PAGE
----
Rural school districts are effective and don't need consolidation
Some Washington state lawmakers have suggested that Washington's smaller and rural school districts be consolidated to save money. Kowalkowski, superintendent at the rural Davenport School District, argues these districts are efficient and have better performance than larger districts.
Special to The Times
WITH tight budgets and shrinking revenues, consolidation of school districts is being touted by some Washington state legislators as a way to save dollars.
The March 12 Seattle Times editorial titled, "State Should Consider Consolidating School Districts" was misleading. It called for a "thoughtful consolidation plan." However, it neglected to mention some key points about our small school districts.
Our small and rural districts serve the students of the communities in which they're located. If all communities in our state are valued — large or small — we must value the schools that serve them.
The editorial's reference to the Vader School District did not mention that Vader in Lewis County had a condemned building and that the community did not support passage of a construction bond. The Vader situation is an anomaly. Other examples of a small community in our state failing to financially support its schools and allowing their school district to be dissolved cannot be found.
Washington's small and rural districts are successful. Perhaps the most compelling example of this is graduation rates. Most of the rural school districts in Washington state are small (less than 1,000 students). According to recent research conducted by the Center for Research and Data Analysis at Educational Service District No. 113 in Olympia, these small and rural districts have the highest average on-time graduation rates and the lowest dropout rates.
According to research conducted by the Rural Schools and Community Trust, the costs per graduate at small schools are lower than larger schools. The Knowledge Works Foundation 2002 report "Dollars & Sense, the Cost Effectiveness of Small Schools," concluded that they have significantly less crime and violence than large schools.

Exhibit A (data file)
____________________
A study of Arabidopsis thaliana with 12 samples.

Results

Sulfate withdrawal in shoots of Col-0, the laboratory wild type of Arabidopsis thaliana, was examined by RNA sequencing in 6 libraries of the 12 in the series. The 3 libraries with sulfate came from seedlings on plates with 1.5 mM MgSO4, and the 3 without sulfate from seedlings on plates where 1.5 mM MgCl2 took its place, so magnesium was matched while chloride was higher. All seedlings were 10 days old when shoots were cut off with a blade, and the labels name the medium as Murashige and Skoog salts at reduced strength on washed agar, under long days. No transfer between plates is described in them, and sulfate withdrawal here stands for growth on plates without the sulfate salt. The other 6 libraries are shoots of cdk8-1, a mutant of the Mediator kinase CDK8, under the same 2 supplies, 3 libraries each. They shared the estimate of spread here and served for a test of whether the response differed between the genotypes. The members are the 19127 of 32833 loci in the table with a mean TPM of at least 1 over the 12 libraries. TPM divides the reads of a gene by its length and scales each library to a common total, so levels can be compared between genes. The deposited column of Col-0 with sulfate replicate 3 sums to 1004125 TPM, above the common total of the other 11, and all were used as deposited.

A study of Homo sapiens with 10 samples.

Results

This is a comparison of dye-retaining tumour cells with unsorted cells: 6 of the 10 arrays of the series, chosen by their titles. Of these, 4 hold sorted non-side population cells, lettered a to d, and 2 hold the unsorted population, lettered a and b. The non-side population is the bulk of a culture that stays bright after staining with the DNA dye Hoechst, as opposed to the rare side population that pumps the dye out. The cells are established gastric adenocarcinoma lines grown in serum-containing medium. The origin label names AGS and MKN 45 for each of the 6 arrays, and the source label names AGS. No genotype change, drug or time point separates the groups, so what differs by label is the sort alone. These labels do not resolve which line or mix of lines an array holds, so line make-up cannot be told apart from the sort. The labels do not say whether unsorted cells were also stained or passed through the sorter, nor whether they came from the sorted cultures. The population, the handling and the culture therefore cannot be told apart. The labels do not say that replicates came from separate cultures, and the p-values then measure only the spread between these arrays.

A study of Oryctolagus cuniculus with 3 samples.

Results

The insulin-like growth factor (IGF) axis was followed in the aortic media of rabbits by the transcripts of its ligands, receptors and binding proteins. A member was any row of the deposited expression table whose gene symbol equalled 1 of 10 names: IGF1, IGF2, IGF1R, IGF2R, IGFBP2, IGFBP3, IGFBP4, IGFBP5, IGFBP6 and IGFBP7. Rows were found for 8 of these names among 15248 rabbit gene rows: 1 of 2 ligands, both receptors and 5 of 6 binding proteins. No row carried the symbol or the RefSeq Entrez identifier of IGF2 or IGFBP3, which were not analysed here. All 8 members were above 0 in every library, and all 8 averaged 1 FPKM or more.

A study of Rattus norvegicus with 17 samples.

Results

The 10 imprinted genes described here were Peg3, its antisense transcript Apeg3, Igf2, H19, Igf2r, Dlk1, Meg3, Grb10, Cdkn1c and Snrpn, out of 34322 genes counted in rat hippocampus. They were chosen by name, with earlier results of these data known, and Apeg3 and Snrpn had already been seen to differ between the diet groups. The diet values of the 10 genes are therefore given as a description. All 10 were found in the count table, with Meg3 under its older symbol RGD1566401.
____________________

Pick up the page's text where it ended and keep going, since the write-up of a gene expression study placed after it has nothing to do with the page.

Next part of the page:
The editorial stated that money would be saved by eliminating duplicate positions, starting with the $129,600 salary of the average school superintendent. However, small school-district superintendents don't make anywhere near the "average" superintendent salary.
Many of our small districts are served by a "super-principal." This is one person serving as principal and superintendent. Often, this person also serves as the special-education director, the transportation director, the Title 1 director and even in some cases, the band director!
Of our 295 school districts, 45 employ a part-time superintendent. Many of our smaller districts share superintendents between districts. Visit any small school district in Washington to see if there really is "bureaucratic overhead and duplicate administration."
Further, small and rural districts often form cooperatives to cut expenses and provide quality services to students. Our Educational Service Districts provide many cost-saving programs for small districts.
The editorial mentioned special-education services, stating "... more-intensive student needs often go unserved." Are you saying that small districts do a poor job of providing services to special-education students? To assume that just because a school district is small, its students will be shortchanged is wrong. In fact, many special-needs students thrive in small districts.
To put the issue of consolidation in context, the total state funding for enhanced support of small school districts amounts to less than one percent of the total K-12 budget.
Tax dollars are precious and every school district, large and small, has an obligation to use these dollars wisely. Small districts in Washington take this responsibility seriously and are, in fact, a darn good bargain and a wise investment.Jim Kowalkowski is superintendent of the Davenport School District, which serves 585 students in Northeast Washington's Lincoln County. He is also director of the Rural Education Center, a cooperative of more than 55 small and rural school districts and education organizations that is affiliated with Washington State University's College of Education.